Oh, the joy of good food – flicking through the latest issue of express is enough to make your mouth water! Our society tells us that an essential element of quality cuisine is an accompanying matched wine.
We have full bodied reds to go with the red meaty dishes and a lighter spicy white to go with chicken, finishing the meal with a sweet dessert wine, and the evening with port or equivalent.
Sounds fantastic and decadent – but what happens to the rest of the bottle?
The Alcohol Advisory Council of New Zealand (ALAC) has recently revised their low risk drinking advice. On their website (www.alac.org.nz) they write:
Reduce your long-term health risks by drinking no more than:
Two standard drinks a day for women and no more than 10 standard drinks a week
Three standard drinks a day for men and no more than 15 standard drinks a week
AND at least two alcohol-free days every week.
Reduce your risk of injury on a single occasion of drinking by drinking no more than:
Four standard drinks for women on any single occasion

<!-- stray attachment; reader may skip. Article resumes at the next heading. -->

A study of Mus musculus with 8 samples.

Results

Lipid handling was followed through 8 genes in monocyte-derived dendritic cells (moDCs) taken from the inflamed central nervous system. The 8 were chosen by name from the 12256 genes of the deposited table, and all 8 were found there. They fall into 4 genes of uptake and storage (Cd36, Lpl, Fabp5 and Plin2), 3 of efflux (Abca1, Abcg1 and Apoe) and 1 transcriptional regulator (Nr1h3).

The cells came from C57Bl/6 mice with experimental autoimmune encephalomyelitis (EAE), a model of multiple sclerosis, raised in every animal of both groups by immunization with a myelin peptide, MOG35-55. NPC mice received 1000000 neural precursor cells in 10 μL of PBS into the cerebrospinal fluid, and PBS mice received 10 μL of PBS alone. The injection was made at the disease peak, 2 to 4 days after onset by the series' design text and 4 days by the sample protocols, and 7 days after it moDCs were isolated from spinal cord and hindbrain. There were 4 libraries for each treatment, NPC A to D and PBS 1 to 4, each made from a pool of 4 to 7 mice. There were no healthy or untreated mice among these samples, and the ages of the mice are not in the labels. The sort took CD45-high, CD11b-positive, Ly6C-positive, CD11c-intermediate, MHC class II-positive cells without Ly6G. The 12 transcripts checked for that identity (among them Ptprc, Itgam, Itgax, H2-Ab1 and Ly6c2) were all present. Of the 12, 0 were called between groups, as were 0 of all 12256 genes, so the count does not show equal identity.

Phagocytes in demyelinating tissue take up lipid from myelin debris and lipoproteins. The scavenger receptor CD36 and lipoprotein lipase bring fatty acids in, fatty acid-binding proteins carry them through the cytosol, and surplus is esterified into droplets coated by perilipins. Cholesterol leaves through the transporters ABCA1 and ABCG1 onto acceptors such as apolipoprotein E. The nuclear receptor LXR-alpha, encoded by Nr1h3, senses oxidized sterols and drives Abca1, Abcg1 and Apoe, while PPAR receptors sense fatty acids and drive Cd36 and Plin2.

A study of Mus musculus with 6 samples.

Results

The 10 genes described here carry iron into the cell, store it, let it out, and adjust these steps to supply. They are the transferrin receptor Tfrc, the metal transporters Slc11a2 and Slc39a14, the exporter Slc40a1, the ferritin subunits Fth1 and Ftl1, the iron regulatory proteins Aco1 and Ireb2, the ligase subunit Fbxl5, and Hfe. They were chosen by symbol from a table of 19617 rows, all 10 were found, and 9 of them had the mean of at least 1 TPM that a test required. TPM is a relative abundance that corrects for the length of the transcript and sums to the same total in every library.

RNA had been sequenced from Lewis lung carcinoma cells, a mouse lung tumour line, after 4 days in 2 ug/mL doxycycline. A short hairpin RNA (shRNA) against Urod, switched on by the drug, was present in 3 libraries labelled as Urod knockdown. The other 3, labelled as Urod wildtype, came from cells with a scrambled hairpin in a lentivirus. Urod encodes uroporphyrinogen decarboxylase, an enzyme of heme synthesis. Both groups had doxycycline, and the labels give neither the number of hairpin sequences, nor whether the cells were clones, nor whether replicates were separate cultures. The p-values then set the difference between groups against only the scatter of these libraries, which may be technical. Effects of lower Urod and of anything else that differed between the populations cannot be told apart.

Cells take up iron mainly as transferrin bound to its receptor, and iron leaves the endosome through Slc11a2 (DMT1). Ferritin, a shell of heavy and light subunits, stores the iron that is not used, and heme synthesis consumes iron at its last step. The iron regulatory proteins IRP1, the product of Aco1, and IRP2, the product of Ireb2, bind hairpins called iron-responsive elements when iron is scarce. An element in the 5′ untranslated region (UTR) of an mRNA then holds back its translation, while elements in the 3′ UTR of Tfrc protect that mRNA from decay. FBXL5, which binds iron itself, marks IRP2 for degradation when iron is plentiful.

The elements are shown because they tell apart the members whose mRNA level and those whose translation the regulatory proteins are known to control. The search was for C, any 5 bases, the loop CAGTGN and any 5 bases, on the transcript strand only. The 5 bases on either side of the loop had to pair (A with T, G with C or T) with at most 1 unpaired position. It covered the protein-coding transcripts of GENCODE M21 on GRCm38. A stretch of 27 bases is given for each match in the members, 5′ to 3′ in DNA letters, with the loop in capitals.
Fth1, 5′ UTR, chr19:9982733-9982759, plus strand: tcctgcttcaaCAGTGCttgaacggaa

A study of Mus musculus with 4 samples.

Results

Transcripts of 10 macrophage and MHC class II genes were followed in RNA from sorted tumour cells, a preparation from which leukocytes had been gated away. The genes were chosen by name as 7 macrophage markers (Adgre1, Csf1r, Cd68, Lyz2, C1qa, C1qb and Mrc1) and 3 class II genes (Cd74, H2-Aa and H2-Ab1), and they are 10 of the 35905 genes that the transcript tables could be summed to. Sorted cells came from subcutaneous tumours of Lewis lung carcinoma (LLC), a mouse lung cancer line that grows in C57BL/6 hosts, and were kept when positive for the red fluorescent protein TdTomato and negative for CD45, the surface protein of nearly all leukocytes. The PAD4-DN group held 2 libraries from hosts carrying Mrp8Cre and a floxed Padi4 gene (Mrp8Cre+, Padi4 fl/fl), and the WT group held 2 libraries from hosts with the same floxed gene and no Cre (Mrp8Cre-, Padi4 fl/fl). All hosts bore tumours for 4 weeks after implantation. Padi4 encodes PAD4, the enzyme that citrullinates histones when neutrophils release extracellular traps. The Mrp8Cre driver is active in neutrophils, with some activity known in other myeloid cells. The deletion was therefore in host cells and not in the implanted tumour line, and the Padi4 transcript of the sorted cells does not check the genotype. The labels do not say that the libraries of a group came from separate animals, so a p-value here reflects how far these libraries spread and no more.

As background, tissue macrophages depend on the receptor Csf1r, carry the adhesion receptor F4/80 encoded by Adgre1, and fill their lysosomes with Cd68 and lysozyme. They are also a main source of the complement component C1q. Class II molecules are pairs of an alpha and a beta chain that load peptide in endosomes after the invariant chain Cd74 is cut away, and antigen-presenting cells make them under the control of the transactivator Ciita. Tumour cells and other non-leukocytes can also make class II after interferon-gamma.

Five standard drinks for men on any single occasion
Advice for pregnant women or those planning to get pregnant:
There is no known safe level of alcohol use at any stage of pregnancy.
(Please note: The above advice DOES NOT relate to driving.)
So – how much is a standard drink?
A standard drink is 10 grams of alcohol. As the alcohol content of alcoholic drinks differs widely, the amount that makes up a standard drink also differs widely. The good news is that all alcoholic beverages are required to have the number of standard drinks on the container (the bottle, cask, etc).
In general a standard drink is:
100 mls of wine (so there are usually about 7.5 standard drinks in a bottle of wine)
300 mls of beer (so a regular 5%, 330 ml bottle of beer is 1.3 standard drinks)
30 mls of spirits (a nip)
The low risk advice is based on international evidence. We make a choice about how much we drink and our choices will be based on a number of factors. I would like to invite you to include the above advice as one of those factors.
| Diana Rands
If you have concerns about your own or someone else’s alcohol or other drug use, or if you’d like more information, contact CADS on 09 845 1818. You can also visit www.cads.org.nz or, if you live outside Auckland, contact the Alcohol and Drug Helpline 0800 787 797.